Have you ever noticed one or more oval-shaped holes in a Sugar Maple leaf and wondered how they got there? These leaf particles were cut out by the larva of a Maple Leafcutter Moth. Emerging in June from the ground where it overwintered as a pupa, the metallic blue adult moths mate and females lay eggs, mainly on Sugar Maple leaves, but also occasionally on other maples, birches, American Beech and other hardwoods. When the eggs hatch, the larvae make small lines in the leaf, as they mine for food in between the upper and lower surfaces of the leaf for the first two or three weeks of their lives.
As summer progresses, the growing larva moves to the surface of the leaf and begins cutting small oval-shaped pieces of the leaf and using them as shelter. It constructs portable cases, fastening the leaf disks together with silk. The larva resides inside this case, with its head poking out far enough to feed on a leaf. If you see holes in a leaf, you will probably also see small brown rings with green centers created as the larva feeds around the edges of its case. Sometimes the center of these feeding rings fall out, also leaving oval holes in the leaf.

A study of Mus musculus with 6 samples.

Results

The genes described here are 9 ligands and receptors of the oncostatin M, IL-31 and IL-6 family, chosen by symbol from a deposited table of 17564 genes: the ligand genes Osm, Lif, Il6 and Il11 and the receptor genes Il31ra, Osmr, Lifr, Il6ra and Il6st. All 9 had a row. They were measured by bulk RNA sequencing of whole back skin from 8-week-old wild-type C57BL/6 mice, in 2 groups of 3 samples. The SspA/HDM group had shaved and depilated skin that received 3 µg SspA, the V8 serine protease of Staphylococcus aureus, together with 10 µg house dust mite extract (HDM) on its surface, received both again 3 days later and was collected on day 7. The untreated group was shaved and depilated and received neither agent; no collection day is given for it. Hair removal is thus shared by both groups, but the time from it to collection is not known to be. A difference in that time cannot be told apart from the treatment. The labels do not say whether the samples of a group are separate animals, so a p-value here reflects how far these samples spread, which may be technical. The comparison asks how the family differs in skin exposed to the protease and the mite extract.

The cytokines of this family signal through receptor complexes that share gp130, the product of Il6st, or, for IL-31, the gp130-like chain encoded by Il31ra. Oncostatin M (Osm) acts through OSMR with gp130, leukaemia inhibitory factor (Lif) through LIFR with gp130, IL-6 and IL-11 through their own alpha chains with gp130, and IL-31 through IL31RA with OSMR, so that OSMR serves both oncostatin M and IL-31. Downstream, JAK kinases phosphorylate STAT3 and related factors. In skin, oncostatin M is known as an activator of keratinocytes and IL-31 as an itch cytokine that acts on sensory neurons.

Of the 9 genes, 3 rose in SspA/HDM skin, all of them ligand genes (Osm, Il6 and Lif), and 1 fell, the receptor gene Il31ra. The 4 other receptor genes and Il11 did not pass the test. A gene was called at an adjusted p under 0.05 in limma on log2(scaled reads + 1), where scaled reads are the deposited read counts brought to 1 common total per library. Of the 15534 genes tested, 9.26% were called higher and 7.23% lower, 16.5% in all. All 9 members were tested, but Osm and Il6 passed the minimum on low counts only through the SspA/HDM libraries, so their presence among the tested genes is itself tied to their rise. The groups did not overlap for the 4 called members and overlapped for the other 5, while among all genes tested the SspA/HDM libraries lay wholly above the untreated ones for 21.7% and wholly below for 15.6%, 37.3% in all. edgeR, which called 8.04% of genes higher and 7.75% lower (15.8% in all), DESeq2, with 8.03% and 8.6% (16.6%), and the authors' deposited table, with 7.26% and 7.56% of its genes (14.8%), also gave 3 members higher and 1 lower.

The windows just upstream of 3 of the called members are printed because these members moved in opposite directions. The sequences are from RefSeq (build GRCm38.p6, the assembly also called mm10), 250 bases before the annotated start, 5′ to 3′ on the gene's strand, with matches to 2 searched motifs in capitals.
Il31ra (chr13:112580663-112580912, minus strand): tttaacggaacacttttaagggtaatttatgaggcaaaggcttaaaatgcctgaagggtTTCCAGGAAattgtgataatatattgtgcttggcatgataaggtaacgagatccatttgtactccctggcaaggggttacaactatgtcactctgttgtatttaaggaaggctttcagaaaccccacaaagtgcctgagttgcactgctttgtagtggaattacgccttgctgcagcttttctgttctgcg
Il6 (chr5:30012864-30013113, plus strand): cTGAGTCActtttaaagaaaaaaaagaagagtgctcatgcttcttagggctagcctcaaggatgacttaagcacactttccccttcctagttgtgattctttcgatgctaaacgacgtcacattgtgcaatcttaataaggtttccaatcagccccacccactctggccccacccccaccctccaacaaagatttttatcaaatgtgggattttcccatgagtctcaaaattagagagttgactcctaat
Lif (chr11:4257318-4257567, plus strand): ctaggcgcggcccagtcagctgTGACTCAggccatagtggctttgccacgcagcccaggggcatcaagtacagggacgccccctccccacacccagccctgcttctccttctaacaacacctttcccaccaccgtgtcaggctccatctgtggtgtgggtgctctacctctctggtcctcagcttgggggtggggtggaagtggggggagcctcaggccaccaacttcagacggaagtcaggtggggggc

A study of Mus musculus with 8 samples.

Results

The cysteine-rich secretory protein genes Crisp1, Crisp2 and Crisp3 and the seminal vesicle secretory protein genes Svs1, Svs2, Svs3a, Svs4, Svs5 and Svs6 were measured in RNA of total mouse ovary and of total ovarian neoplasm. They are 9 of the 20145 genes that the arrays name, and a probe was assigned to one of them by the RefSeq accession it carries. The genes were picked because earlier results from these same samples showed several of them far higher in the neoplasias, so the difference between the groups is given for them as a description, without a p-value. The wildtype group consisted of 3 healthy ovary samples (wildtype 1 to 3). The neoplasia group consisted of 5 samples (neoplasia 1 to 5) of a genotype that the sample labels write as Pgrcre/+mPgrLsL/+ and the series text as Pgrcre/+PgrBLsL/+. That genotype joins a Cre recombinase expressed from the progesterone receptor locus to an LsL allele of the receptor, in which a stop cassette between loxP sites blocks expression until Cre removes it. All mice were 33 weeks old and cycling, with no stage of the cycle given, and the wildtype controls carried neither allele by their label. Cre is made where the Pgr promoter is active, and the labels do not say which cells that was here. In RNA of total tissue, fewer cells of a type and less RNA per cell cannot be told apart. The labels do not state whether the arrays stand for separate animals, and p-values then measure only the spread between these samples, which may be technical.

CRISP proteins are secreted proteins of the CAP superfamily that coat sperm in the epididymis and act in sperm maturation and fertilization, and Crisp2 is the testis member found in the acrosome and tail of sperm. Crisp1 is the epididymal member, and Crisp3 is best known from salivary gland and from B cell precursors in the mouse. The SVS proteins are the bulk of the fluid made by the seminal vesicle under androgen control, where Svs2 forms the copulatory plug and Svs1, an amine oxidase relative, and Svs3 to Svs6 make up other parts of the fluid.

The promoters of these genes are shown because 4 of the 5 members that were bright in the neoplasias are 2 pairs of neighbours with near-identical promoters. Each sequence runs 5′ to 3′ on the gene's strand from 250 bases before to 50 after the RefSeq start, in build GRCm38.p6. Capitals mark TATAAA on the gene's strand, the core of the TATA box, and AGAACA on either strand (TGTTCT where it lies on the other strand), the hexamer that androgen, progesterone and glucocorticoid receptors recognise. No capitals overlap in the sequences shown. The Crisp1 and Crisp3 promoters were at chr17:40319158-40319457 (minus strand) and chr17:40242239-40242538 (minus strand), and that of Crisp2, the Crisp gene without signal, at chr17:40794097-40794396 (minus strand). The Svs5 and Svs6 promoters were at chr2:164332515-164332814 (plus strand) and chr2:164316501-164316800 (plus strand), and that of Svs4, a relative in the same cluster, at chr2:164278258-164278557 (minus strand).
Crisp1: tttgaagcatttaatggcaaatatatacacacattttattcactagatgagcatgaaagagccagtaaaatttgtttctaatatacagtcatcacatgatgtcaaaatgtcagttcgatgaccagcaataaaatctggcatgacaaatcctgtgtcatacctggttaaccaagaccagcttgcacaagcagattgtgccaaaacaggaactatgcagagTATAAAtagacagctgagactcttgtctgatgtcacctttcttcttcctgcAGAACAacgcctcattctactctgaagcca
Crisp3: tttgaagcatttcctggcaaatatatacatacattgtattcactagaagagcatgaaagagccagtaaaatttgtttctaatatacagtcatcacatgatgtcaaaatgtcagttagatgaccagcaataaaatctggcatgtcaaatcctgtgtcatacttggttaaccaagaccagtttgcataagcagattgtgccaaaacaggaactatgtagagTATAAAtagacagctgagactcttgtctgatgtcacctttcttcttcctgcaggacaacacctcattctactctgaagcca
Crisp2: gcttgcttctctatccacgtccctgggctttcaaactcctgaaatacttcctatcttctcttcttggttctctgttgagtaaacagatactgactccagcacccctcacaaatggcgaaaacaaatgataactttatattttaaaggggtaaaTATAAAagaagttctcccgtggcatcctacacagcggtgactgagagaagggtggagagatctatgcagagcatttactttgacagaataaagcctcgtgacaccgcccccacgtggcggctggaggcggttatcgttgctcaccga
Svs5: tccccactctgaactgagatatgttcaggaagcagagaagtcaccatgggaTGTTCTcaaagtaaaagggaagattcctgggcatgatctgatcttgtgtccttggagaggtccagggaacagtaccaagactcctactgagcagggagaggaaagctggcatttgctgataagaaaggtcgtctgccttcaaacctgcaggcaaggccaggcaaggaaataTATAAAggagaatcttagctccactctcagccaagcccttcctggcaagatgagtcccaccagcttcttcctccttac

As the Maple Leafcutter larva grows, it molts and after each molt it cuts new, larger disks from the leaf to add to its case. By the end of the summer, the case consists of multiple leaf disks. In September, the moth larva drops or crawls down the trunk of the tree to the ground, spins a cocoon and pupates.
Maple Leafcutter Moths can cause browning of foliage, usually in scattered small areas. Occasionally extensive areas are hit hard (during the mid-1970’s approximately 40,000 acres were affected in Vermont) but research shows that three years of complete defoliation by this insect are required to significantly reduce the starch content of maple roots (an indication of physiological stress).